The evidence of certain classes of witnesses is insufficient, standing alone, as proof the facts deposed to. Such witnesses
- for example, accomplices, young children and complainants in sexual cases
- must usually be corroborated.
By corroboration is meant evidence other than that of the witness which is consistent with the witness's version of the facts and which tends to show the guilt of the accused.
To be of evidential weight the fact or facts corroborated must be material ones. Corroboration of insignificant facts will not usually help to strengthen the State case.
From the standpoint of the State what is important is for there to be "implicatory corroboration". By this is meant evidence that implicates the accused in the commission of the offence.
The corroboration can come from the evidence of another witness or from the evidence of the accused. The confession of an accused can be used as evidence corroborating other evidence. Even the failure of the accused to tell the truth can sometimes be corroborative of other evidence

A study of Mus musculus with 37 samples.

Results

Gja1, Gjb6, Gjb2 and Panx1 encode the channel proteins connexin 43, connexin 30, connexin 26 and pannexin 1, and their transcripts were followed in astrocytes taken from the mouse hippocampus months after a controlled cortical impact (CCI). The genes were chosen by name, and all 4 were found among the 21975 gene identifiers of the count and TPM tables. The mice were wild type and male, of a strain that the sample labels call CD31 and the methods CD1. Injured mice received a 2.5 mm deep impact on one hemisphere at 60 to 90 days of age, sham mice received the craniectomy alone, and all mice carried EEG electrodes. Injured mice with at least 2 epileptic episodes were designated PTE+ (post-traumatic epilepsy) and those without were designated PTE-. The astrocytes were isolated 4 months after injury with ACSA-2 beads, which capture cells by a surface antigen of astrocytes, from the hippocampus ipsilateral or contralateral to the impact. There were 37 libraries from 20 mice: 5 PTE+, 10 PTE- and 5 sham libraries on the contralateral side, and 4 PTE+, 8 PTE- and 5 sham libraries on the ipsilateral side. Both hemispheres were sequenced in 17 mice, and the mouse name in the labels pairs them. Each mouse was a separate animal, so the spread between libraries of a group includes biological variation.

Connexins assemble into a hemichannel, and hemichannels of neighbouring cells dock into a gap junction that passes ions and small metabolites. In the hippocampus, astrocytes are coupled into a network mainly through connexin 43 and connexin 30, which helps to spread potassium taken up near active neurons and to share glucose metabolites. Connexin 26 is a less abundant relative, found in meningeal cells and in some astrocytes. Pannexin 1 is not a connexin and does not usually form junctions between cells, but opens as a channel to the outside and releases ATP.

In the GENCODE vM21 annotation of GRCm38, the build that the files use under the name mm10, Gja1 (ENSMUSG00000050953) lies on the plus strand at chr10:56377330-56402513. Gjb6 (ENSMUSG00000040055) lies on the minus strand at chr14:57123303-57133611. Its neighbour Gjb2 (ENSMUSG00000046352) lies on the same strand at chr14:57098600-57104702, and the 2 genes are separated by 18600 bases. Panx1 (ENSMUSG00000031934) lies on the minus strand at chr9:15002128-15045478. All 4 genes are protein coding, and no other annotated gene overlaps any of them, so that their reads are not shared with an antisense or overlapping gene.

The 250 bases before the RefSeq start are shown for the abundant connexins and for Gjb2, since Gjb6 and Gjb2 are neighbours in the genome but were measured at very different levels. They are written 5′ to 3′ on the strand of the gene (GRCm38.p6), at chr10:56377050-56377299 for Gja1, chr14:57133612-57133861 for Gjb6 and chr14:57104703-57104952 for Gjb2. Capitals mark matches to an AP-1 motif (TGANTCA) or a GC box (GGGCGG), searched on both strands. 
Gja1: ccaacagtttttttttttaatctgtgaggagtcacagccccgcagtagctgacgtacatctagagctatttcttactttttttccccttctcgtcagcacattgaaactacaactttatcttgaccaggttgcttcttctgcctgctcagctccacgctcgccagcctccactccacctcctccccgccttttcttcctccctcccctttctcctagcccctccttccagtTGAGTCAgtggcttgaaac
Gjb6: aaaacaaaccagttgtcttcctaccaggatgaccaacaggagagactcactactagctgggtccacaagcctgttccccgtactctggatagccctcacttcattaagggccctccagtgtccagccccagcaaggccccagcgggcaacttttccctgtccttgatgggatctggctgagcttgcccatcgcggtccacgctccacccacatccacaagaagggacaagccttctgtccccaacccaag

In certain situations dealt with below, a "cautionary rule" applies. In these situations, the courts have to be aware of the dangers which arise from accepting certain types of evidence, especially if that evidence is uncorroborated. It is not enough that the court should warn itself on a token basis of the dangers of accepting these types of evidence. This warning must be put into practice by the court exercising great caution before accepting the evidence. In these situations, where there is a basis for doing so, the defence lawyer will obviously stress the dangers of reliance on the testimony.